Bar, cafe or art gallery? Community asked to suggest uses for old Conservative Club
- Credit: Andrew Hirst
The people of Framlingham are being invited to breathe new life into a prominent listed building that has served the town for more than a century.
Mark Hoare and Ted Ridge, the two architects behind brand new company Paper House, have set their sights on seizing control from big developers and creating a space of “lasting social value” for the quaint market town.
The pair say they were prompted by an opportunity to purchase the former Conservative Club in Framlingham’s Church Street, which may otherwise have fallen into the hands of a “typical developer-led scheme” – resulting in the site being “carved up” into several units with little benefit for the community.
Now the people of Framlingham are being asked to suggest new uses for the space, in an effort to balance population growth with a rise in employment and social opportunity for all.
“It’s very early days on the project (one month today since we completed) and we are at present throwing our net fairly wide open to see what ideas people have and what community needs we might potentially help to address,” Mr Hoare said.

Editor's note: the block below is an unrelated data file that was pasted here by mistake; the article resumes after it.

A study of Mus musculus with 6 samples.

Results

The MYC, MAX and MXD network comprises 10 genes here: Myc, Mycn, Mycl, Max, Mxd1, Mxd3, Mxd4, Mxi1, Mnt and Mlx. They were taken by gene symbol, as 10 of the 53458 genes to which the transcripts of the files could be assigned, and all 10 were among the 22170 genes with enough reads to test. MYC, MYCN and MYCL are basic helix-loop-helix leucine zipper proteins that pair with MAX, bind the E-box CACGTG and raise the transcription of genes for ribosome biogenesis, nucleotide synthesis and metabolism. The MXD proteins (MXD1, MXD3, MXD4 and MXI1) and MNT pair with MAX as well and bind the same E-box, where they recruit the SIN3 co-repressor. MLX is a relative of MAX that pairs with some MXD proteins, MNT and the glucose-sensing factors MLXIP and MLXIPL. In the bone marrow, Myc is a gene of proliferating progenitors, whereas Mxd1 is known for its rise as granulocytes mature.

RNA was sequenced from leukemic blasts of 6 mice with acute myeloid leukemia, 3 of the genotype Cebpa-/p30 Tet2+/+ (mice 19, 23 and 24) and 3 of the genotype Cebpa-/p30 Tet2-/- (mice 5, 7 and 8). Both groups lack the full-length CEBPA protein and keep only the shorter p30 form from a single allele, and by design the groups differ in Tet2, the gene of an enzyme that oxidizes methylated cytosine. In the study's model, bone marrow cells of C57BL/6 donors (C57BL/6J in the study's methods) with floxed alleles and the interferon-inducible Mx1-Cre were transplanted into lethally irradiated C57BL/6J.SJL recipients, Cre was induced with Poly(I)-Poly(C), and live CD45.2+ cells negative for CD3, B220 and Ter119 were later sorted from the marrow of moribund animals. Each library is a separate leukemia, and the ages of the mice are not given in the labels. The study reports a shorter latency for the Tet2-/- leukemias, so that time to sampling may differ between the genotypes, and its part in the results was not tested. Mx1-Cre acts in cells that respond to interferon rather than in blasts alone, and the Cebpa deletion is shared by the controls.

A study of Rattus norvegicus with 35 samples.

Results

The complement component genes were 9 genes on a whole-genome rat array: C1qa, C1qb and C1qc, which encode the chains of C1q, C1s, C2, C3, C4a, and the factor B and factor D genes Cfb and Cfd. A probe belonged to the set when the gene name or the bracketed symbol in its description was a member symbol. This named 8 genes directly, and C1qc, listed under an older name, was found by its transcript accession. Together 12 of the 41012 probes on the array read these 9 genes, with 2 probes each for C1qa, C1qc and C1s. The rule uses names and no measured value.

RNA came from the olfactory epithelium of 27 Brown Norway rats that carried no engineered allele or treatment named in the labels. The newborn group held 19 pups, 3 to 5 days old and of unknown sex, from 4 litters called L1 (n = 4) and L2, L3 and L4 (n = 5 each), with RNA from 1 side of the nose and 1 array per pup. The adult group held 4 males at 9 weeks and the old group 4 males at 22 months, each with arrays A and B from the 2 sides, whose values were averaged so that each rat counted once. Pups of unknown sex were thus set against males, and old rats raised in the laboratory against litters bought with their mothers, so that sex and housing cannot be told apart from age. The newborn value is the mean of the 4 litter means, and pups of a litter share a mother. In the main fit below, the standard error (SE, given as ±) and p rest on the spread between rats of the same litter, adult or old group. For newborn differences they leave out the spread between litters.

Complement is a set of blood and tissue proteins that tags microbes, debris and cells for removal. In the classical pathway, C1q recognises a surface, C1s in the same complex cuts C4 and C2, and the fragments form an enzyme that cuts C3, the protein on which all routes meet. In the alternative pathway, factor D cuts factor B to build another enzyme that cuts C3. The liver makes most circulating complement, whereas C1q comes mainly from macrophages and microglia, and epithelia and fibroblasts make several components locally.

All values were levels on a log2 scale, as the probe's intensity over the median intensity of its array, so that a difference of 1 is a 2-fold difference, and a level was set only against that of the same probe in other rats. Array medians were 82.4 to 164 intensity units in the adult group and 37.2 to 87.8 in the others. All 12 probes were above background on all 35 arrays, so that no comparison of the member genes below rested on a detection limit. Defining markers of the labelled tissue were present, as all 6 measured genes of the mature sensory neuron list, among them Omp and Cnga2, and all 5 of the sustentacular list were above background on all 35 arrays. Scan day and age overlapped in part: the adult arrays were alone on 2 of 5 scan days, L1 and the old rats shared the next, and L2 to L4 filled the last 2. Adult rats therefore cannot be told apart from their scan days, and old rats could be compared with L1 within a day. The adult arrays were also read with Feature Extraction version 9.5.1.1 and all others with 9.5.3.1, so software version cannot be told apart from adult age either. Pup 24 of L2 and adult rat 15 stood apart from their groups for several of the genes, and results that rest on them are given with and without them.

“But we are not committing to anything yet until we have met more people and had more time to work out what we can actually afford to do. Also the building is listed, so changes to the building will need Listed Building Consent.”
“The Conservatives did so badly in 1906 election, they set up Conservative working men’s clubs all over the country,” explained the club’s secretary, Bob Roberts.
“A ‘Doctor Edwards’ gave his house and surgery to the town for the club. During the First World War, they built a community hall adjacent to the club to be used for convalescing of soldiers.”
The community groups that used the facilities included Friends of St Michaels Church, Probus, the Bridge Club, the Canine Rescue Centre, Weight Watchers and Fram Flyers running club.
Two years ago, the premises was sold the freehold to the Association of Conservative Clubs for £300,000, in order to pay for essential repairs to the listed building.
It formally closed in December last year.
Anybody with ideas for the space can get in touch with the team by e-mailing firstname.lastname@example.org.